The researchers report a collection of nanobodies derived from llamas, some of which can work synergistically and work against new virus variants.
Although several strategies have been implemented to combat the COVID-19 pandemic, it continues unabated. Although several vaccines have been approved and used, vaccination rates have been slow and there have been challenges in equitable distribution of the vaccines. These, associated with the decrease in immunity in people already infected and the emergence of new viral variants, make it difficult to control the pandemic.
Several therapeutic strategies have used convalescent sera and human monoclonal antibodies. However, new variants have appeared, with mutations that may escape these therapies.
Nanobodies are an alternative to monoclonal antibodies. These are smaller proteins derived from animals like llamas and alpacas. Their small size allows them to bind to regions that are generally not accessible to larger monoclonal or polyclonal antibodies. They are also simpler to make because they can be easily cloned and expressed in bacteria. They can also be delivered directly to the lungs by nebulization.
However, nanobodies also recognize regions of the spike protein receptor binding domain (RBD) of severe acute respiratory syndrome coronavirus 2 (SARS-CoV-2), which can cause escape mutations, reducing their potency.
Screening protocol for selecting llamas with naturally strong immune responses, as determined by activity against standard animal vaccines
Test of the neutralization capacity of nanobodies
In a study published in the bioRxiv * preprint server, the researchers report a collection of a large number of nanobodies that could potentially be resistant to escape mutations.
To build their suite of nanobodies, the team refined and optimized their previous method. They chose llamas with a strong immune response to SARS-CoV-2 and selected 113 nanobodies for further testing. A large proportion of the antibodies bind to RBD, while the other binds to the non-RBD part of the S1 subunit of the spike protein and the rest to the S2 subunit.
To identify nanobodies that will be resistant to viral mutations, the team selected a large number of nanobodies with strong RBD binding and tested them against the B.1.1.7 variant. Of the seven nanobodies they tested, they found that six showed strong binding to the variants. In addition, they also chose nanobodies that bind to the non-RBD regions of the spike protein.
The authors then categorized the antibodies based on which parts of the RBD they bind to. Their analysis revealed that RBD-binding nanobodies can be classified into three distinct groups. Within each cluster, the nanobodies could be grouped together in bins so that some bind to separate epitopes and partially overlap, binding to other separate epitopes.
This suggests that two or more nanobodies can bind to RBD at the same time. Further analysis revealed that at least three different nanobodies could simultaneously bind to RBD, which will be important in the design of nanobody cocktails for therapies.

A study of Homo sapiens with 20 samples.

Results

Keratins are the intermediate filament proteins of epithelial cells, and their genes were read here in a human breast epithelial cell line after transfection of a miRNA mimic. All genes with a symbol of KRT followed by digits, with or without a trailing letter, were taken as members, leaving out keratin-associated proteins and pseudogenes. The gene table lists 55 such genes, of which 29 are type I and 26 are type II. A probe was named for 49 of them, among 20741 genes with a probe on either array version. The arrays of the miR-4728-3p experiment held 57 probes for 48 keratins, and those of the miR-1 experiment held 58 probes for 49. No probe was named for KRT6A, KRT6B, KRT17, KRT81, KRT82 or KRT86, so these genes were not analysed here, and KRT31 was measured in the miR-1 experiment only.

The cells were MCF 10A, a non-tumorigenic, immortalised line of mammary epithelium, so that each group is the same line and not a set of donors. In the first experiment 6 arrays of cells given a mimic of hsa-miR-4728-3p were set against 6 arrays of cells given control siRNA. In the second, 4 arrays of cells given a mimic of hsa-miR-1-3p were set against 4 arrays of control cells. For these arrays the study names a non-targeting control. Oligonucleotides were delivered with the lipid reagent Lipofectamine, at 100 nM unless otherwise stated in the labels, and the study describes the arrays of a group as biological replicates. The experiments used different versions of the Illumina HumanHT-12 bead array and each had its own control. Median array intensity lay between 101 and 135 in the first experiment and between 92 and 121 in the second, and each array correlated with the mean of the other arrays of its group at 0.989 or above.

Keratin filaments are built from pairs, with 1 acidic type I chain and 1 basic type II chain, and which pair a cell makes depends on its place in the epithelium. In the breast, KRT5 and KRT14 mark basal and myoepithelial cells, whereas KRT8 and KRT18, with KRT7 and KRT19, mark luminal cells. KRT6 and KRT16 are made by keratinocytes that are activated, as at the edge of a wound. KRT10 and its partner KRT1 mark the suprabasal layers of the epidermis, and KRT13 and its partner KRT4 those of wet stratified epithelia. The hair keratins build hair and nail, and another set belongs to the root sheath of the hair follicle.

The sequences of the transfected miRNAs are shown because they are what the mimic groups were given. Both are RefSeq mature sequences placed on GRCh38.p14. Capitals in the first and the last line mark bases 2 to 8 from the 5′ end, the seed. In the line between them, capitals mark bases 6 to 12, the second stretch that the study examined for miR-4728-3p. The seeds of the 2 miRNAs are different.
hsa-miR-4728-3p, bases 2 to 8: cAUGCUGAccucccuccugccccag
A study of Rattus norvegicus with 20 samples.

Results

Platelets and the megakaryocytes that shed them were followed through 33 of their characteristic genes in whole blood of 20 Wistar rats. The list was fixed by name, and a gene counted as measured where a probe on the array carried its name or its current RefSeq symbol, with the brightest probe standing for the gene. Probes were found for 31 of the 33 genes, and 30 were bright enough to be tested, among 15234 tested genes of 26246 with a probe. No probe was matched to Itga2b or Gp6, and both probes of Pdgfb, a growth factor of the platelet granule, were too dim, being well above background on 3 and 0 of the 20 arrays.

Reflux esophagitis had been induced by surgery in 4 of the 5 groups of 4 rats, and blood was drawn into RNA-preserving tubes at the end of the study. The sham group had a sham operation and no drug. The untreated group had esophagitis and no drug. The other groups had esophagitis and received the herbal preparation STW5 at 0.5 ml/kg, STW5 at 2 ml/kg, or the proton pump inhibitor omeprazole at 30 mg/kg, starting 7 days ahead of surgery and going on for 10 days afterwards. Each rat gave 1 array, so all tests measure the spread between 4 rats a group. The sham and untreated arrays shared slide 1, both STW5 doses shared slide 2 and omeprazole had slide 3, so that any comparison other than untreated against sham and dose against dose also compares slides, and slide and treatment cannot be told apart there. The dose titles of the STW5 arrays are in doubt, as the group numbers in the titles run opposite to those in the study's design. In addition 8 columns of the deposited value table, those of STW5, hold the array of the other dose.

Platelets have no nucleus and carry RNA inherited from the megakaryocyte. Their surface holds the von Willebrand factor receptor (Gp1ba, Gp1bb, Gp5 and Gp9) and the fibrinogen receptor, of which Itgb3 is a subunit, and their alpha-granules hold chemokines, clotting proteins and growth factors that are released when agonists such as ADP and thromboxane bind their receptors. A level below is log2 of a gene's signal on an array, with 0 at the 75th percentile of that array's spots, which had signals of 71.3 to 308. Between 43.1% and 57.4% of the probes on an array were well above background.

The nanobodies were potent in neutralizing the SARS-CoV-2 pseudoviruses, 16 nanobodies neutralizing the pseudovirus to a concentration of less than 20 nM. Nanobodies that target non-RBD regions and the S2 subunit also neutralized the virus, but at higher concentrations. The authors write that this is the first evidence of the neutralization of nanobodies targeting regions outside of RBD.
The more potent Nanobody cocktails against escape variants
The team also tested the best nanobodies against pseudoviruses carrying the spike protein of the B.1.351 variant. Some nanobodies showed no neutralizing activity against this variant, while one of them showed neutralization similar to that of the wild-type virus. However, two nanobodies showed increased neutralizing activity against the variant. The nanobodies that neutralized the pseudovirus also neutralized the true SARS-CoV-2 virus and human airway epithelial cells. The team also found that certain combinations of nanobodies can work synergistically and dramatically increase potency.
Using nanobodies cocktails mixed with the SARS-CoV-2 virus and allowing multiple replications, the authors also identified mutations that resist neutralization. Some potent nanobodies caused mutations in the same location as those generated by antibodies in human convalescent sera, such as E484K, indicating that the ACE2 binding site is a point of vulnerability for neutralization.
However, cocktails made with nanopersons also increased the genetic barrier to escape. Mixing two nanobodies required the virus to undergo two different amino acid substitutions, which made it more difficult for it to evade neutralization. Carefully choosing mixtures with more nanobodies can further reduce escape mutations.
Thus, escape experiments show that currently used or newer therapies may still lose their potency with the emergence of newer virus variants, which is very likely because some of the mutations seen in the experiments were not. observed so far in human isolates. However, by using a combination of nanobodies, which can work synergistically to enhance neutralizing power, the large collection of nanobodies generated by the team can help develop more potent treatments.
organicRxiv publishes preliminary scientific reports which are not peer reviewed and, therefore, should not be considered conclusive, guide clinical practice / health-related behaviors, or treated as established information.